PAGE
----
In a previous posting, Who’s Afraid of the Big Bad Administrator, I wrote about my refusal to tolerate rudeness from administrative personnel, as well as my refusal to sign a form that would potentially have me paying for a service that my insurance would cover.
Last week. Deja vu.
I had come to my hospital’s lab to drop off my daughter’s stool sample for a routine check. Because I had adopted her from China, the doctor wanted to rule out parasites. Pretty standard stuff. I had already gotten all the materials from the lab, which informed me that all I needed to do was drop off the sample, as I already had given the lab staff the doctor’s order for the test to be conducted.
So imagine my surprise when I sat at the registration desk, and the woman there said that I needed a referral from the doctor — not just an order — in order for labwork to be processed. And this woman, one of the hospital’s gatekeepers, was nasty. I don’t know what kind of power trip she was on, but she could’ve easily called the doctor’s office right downstairs and had a referral walked up, faxed in, and/or e-mailed, but instead, the registration clerk decided it would be more fun to give me a hard time.
She had no idea whom she was dealing with.
She told me that without a referral, I couldn’t drop off the sample. Then she tried to publicly humiliate me with a barrage of condescending statements and questions, such as “You should know better, that a doctor’s order isn’t good enough; you need a referral,” and “Why didn’t you get a referral?,” and the constant digs about my medical-system intelligence, which was the last time she dared say anything condescending to me.
When I told her that the lab said a doctor’s order was all I needed, she said, “Don’t you know that you need a referral for special procedures? Don’t you know how the medical system works?”
That was when I started to make her really sorry and did like Mohammed Ali said: “Float like a butterfly, sting like a bee.”
Except I stung like a wasp.
I immediately responded, “I had breast cancer, so I know full well how the medical system works! Don’t you tell me how the medical system works. The lab told me that all I needed was a doctor’s order and to drop off a sample, which I have with me today. When I was at the registration desk just a few days ago, no one told me to get a referral. If you want a referral, I suggest you get it yourself.”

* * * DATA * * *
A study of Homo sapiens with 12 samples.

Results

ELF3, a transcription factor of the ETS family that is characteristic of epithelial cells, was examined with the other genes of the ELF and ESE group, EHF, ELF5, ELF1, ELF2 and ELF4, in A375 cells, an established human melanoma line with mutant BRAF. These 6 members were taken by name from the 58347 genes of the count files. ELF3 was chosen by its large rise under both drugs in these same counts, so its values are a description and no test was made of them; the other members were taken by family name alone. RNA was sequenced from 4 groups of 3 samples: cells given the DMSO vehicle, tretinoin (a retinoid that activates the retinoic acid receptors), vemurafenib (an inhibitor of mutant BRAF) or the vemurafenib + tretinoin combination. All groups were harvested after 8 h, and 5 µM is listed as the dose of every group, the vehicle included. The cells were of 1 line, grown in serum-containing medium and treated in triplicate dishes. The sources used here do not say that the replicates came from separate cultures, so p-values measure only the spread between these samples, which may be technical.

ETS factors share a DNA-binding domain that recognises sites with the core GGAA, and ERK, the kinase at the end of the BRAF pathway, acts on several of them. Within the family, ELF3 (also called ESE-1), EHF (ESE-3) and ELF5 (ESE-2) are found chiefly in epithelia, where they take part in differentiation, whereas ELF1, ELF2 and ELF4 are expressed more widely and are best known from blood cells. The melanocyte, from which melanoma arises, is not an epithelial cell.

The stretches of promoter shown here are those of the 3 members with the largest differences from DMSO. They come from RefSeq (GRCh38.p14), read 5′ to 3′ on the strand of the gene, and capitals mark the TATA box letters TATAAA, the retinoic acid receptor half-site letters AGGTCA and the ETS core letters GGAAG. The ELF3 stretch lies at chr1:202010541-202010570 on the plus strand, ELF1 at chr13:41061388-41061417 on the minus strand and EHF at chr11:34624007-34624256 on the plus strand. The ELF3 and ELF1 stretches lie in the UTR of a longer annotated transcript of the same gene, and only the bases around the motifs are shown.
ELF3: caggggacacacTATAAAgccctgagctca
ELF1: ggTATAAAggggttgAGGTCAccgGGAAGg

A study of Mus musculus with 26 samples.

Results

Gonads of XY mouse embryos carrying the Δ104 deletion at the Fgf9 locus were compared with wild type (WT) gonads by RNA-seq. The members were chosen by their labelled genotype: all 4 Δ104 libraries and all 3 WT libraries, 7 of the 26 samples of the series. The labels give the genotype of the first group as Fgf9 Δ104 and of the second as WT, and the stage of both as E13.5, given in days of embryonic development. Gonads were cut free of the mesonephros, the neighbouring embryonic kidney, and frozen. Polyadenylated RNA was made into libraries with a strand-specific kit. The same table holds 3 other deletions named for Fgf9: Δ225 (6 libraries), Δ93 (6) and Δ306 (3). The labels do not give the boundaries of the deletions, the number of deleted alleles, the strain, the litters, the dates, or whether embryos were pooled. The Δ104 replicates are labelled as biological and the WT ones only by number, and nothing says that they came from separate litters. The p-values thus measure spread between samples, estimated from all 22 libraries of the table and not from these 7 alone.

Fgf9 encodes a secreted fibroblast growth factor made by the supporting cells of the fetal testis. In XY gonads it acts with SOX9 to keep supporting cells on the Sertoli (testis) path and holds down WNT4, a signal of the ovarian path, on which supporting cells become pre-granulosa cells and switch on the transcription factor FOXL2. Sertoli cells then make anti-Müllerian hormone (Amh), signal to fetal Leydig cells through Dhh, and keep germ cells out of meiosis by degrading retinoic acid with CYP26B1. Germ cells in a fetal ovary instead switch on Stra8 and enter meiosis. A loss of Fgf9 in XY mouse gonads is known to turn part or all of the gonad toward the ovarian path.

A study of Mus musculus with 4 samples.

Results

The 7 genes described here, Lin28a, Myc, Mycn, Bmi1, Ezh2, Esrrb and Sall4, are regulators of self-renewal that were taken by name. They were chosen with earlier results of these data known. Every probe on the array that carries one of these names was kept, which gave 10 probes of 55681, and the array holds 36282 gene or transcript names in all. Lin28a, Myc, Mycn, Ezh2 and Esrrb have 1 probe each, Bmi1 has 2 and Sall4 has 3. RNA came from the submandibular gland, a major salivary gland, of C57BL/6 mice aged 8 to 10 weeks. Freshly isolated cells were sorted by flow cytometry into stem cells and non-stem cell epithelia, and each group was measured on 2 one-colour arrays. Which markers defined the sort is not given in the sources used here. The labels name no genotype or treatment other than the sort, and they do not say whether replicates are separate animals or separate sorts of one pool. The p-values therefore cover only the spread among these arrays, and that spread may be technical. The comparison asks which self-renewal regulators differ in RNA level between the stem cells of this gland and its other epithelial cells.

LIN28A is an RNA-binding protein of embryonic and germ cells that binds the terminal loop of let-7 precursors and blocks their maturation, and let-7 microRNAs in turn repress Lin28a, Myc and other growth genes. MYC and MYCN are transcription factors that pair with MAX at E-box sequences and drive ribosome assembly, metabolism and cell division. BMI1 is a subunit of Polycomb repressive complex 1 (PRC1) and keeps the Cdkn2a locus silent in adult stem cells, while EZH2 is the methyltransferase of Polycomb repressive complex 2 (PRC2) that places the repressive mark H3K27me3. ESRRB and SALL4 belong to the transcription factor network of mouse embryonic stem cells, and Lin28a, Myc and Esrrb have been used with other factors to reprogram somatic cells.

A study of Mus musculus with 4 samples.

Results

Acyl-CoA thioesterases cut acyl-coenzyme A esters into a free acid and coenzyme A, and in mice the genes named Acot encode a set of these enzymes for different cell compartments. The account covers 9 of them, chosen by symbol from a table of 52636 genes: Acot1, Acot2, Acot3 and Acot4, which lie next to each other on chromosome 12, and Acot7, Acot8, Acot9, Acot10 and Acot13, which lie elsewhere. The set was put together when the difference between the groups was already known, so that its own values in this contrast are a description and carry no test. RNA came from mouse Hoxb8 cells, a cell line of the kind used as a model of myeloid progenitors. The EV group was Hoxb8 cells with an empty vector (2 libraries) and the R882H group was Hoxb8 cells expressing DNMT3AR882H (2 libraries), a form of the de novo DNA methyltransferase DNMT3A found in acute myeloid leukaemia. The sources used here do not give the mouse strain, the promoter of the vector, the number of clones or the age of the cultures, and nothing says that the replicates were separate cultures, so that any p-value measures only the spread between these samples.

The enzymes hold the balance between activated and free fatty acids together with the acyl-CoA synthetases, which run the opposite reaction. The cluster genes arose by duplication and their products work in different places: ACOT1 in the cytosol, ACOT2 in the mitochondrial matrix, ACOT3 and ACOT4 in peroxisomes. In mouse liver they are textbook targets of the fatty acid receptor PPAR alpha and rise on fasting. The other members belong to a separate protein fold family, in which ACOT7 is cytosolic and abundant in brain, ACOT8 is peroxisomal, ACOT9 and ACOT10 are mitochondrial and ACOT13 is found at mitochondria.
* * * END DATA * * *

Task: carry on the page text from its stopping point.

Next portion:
She did apologize for her tone, but she still was arrogant when she said she needed me to sign a form that acknowledged I had no doctor’s referral.
That spelled trouble.
And sure enough, she handed me a form that looked familiar; it was the same form I discussed in Who’s Afraid of the Big Bad Administrator, the form that says because there is no referral, I would agree to pay whatever insurance doesn’t cover.
She probably thought I’d comply because all the verbiage on the form seemed intimidating. Maybe she thought I was stupid.
So I read the form through and then said, “I refuse to sign this. You can easily get a referral, so there’s no way I’d ever pay for labwork that is covered by my insurance.”
She said, “What?!,” followed by some remark meant to bully me into compliance: “This form just says you acknowledge you don’t have a referral.”
I countered with, “But that’s not what this form says. This form says that I will have to pay any costs if there is no referral. And I refuse to pay. In fact, rather than signing the form, I’m going to write on it an explanation of why this office has led me astray.”
She looked on with horror, as I wrote my composition on the form under the signature line. (As a writer, I love to write, and the massive amount of text on the form showed that passion for my craft!)
I explained how a doctor’s order was written for the labwork and that the lab said this order was all that was needed and the registration personnel never told me about a referral in the first place. I also wrote that if there was no referral, it was the fault of the lab staff for not telling me right away and that they have caused me a major inconvenience. I then signed that what I just wrote was true.
Oh, and I added the line, “I will not pay for services rendered because I had a doctor’s order for the lab tests and followed the proper protocol.”
The registration woman was shocked, stunned, horrified…
She started acting all nice to me and finally treated me with respect. She immediately called the doctor’s office and asked for a referral. If she had done this in the first place instead of being lazy and looking to abuse someone, I wouldn’t have felt the need to be so difficult.
When confronted with rude medical staff bent on making your visit miserable, there’s only one good option.
Beth L. Gainer is a professional writer and has published numerous academic and magazine articles, as well as an essay on her breast cancer experience in the anthology Voices of Breast Cancer by LaChance Publishing. She writes about a potpourri of topics, including motherhood and her Chinese adoption experience at http://currents-living-discovery.blogspot.com/, and her cat Hemi blogs at http://www.catterchatter.blogspot.com/. Beth teaches writing and literature at Robert Morris University in the Chicago area. She has a guest posting on The World’s Strongest Librarian at http://worldsstrongestlibrarian.com/3597/sharing-a-loved-ones-pain-guest-post-by-beth-gainer/.
She can be contacted at
email@example.com and firstname.lastname@example.org.
This blog posting is an excerpt from my book in progress, Calling the Shots: Coaching Yourself Through the Medical System. Stay in loop for when it comes out. Subscribe to the blog in upper righthand corner.